WikiSpeaks: What It Means to Be a Wikipedian in Residence
Mary Mark Ockerbloom, the Science History Institute’s expert on all things Wikipedia, discusses the ways in which the site has changed and improved.
In the past few years Wikipedia has gone from being a relatively unreliable website containing material that anyone can revise to a highly respected and well-sourced platform with dedicated editors. Many of those editors are volunteers, but some, including the Science History Institute’s Mary Mark Ockerbloom, write for Wikipedia for a living.
Having contributed to Wikipedia for over a decade, Ockerbloom has considerable insight into the ways the site has changed and improved as well as areas in which it still has room to grow. Distillations sat down with Ockerbloom recently to discuss earlier days of the internet, bias in the Wikipedia model, and just what is so controversial about Bakelite.
Q: What do you do as Wikipedian in residence at the Institute?
A: I write new Wikipedia articles on the history of science and improve existing ones, and I release images that are public domain or for which we own the copyright. I also do outreach in the broader Philadelphia and Wikipedia communities.
Q: How did you get interested in this kind of work?
A: In the early 2000s I created a website called Celebration of Women Writers to combat the lack of information about women authors online. As the site gained traction, readers wrote to me suggesting writers and works to add, and I recommended that they create Wikipedia pages on those topics. Then I learned how to make Wikipedia pages myself. This was around 2005 when there were far fewer Wikipedia restrictions.
Q: How has the field changed over the years?
A: So many people are making content for the site now that Wikipedia has created rules to filter out poor-quality content. That’s important: it’s quality control. Wikipedia uses a system of checks and balances that tries to stop inaccurate, unimportant, biased, and promotional content.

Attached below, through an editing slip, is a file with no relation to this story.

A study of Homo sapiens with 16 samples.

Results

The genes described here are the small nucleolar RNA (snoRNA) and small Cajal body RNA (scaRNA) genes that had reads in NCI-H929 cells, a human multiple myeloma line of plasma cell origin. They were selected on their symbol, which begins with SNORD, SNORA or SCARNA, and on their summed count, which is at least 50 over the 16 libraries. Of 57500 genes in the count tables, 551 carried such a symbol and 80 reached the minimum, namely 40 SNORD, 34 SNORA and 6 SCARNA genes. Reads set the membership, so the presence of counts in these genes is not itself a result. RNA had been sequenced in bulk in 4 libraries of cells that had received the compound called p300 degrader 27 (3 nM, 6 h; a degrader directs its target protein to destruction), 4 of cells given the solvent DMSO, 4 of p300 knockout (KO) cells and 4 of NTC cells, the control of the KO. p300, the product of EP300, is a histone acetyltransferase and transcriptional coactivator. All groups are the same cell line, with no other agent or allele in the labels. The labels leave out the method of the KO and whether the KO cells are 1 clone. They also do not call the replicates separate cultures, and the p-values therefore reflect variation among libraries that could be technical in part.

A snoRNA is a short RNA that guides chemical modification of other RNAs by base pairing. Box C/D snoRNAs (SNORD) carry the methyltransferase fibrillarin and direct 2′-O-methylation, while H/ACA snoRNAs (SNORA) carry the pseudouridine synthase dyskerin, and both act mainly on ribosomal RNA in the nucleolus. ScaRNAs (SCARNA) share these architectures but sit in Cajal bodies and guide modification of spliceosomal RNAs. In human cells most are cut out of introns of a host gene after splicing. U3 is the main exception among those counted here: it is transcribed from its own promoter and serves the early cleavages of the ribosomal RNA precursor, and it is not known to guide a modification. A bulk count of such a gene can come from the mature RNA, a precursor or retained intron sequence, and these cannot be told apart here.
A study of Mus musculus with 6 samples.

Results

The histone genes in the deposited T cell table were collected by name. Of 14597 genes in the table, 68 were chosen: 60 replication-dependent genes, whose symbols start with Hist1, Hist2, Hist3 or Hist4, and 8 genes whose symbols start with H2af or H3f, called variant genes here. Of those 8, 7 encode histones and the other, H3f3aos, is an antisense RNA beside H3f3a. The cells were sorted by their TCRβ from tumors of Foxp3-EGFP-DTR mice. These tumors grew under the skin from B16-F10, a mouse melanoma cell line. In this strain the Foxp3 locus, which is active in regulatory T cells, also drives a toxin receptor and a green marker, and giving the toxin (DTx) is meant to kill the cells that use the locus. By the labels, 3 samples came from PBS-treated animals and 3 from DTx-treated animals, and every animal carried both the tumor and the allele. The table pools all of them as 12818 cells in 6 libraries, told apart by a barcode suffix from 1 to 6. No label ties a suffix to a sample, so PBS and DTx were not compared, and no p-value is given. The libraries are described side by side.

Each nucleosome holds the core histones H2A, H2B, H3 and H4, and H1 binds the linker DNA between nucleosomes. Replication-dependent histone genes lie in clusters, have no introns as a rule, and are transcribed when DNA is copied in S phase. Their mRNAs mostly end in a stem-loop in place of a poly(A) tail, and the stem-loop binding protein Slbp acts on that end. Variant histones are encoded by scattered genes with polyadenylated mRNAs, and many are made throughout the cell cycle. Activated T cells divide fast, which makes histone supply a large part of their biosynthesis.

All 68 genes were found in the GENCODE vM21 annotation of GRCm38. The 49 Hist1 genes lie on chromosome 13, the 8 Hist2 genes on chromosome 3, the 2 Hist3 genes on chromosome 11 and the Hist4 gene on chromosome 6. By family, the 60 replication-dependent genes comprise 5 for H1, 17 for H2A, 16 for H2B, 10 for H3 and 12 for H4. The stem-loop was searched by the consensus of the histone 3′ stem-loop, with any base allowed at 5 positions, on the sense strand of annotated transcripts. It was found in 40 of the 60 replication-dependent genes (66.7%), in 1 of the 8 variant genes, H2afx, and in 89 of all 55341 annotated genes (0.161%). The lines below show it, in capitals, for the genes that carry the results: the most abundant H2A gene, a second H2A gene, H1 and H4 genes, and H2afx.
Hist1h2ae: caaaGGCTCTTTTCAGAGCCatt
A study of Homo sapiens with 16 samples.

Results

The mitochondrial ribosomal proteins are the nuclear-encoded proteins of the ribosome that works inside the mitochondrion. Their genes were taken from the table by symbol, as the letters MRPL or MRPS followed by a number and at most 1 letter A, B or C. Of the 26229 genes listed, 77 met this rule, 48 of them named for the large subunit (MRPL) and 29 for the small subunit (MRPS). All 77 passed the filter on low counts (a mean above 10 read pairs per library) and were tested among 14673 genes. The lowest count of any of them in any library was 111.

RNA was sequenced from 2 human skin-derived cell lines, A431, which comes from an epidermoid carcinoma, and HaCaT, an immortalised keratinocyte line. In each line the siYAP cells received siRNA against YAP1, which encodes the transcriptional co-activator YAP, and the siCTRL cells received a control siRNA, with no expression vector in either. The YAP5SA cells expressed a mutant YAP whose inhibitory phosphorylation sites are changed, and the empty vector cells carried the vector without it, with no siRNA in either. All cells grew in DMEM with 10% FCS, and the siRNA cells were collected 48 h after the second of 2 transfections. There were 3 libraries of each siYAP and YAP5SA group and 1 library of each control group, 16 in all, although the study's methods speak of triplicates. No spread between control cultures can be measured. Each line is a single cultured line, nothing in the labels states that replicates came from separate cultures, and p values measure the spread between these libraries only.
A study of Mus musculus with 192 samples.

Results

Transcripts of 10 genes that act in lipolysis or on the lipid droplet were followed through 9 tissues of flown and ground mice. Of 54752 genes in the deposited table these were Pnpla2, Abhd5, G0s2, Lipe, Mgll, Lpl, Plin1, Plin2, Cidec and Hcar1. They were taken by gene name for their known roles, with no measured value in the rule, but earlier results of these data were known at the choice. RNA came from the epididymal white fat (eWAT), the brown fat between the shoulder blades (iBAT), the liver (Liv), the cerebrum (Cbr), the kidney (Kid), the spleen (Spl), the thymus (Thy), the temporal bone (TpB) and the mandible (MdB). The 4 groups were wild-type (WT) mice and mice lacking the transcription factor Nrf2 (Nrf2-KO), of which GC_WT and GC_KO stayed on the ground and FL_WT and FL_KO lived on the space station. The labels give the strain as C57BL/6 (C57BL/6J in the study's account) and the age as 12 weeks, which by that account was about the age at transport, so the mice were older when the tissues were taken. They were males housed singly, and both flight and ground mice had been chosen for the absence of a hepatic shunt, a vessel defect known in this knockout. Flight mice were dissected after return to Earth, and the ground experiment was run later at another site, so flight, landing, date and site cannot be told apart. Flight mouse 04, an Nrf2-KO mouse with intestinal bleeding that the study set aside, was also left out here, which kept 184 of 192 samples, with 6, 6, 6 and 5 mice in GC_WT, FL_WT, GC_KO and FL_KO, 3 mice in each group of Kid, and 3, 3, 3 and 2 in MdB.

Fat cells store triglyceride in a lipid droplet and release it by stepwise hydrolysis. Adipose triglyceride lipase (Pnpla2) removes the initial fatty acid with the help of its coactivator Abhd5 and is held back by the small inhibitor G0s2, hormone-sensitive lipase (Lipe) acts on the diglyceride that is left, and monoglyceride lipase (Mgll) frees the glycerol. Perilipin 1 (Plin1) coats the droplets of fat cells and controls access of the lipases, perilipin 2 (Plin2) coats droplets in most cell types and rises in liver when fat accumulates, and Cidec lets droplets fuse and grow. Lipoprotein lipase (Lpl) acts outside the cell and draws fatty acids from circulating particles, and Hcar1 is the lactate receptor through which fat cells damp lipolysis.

Q: How does systemic bias affect Wikipedia content?
A: The same filters that block fake news also can block needed content. One rule is that information must be based on reasonable sources, but fewer of these sources exist for, say, material on women and minorities. A New York Times obituary is considered a reasonable source, for example, but the Times has recently acknowledged that they have not covered women and people of color fairly. Name recognition is also important, and that is often challenging with science-related content. The people making decisions at Wikipedia aren’t necessarily familiar with the field, so they may not have heard of the scientists I’m writing about. The problem comes up with artists, too. Some nontraditional artists or art professionals may not fit the Wikipedia mold for notability, but does that really make them less notable? I recently fought to get the art curator Jan Allen through, and I lost. She’s had significant influence in her field and she is a creator, but she did not fit into the standard categories.
Q: What are some of your favorite articles that you have created for Wikipedia?
A: Some of the controversial articles have been the most memorable. Believe it or not, there was intense fighting about the Bakelite page. Real Bakelite is uncommon today, and people have strong feelings about what is and isn’t true Bakelite. I added an image of Bakelite buttons from our collection that created a dust-up. I substantially reorganized and rewrote that page in repeated visits over three years. And I’m proud of the Robert Brattain page, which I created; the John Harvey Kellogg page, which I fleshed out to include much more scientific information; and the clear toy candy page, to which I added a set of the Institute’s photos demonstrating how the candy is molded.
This article is released under a CC-BY-SA-3.0 license. For more Wiki fun, join Ockerbloom for our monthly WikiSalon, a casual gathering of Wikipedia enthusiasts and those interested in learning more.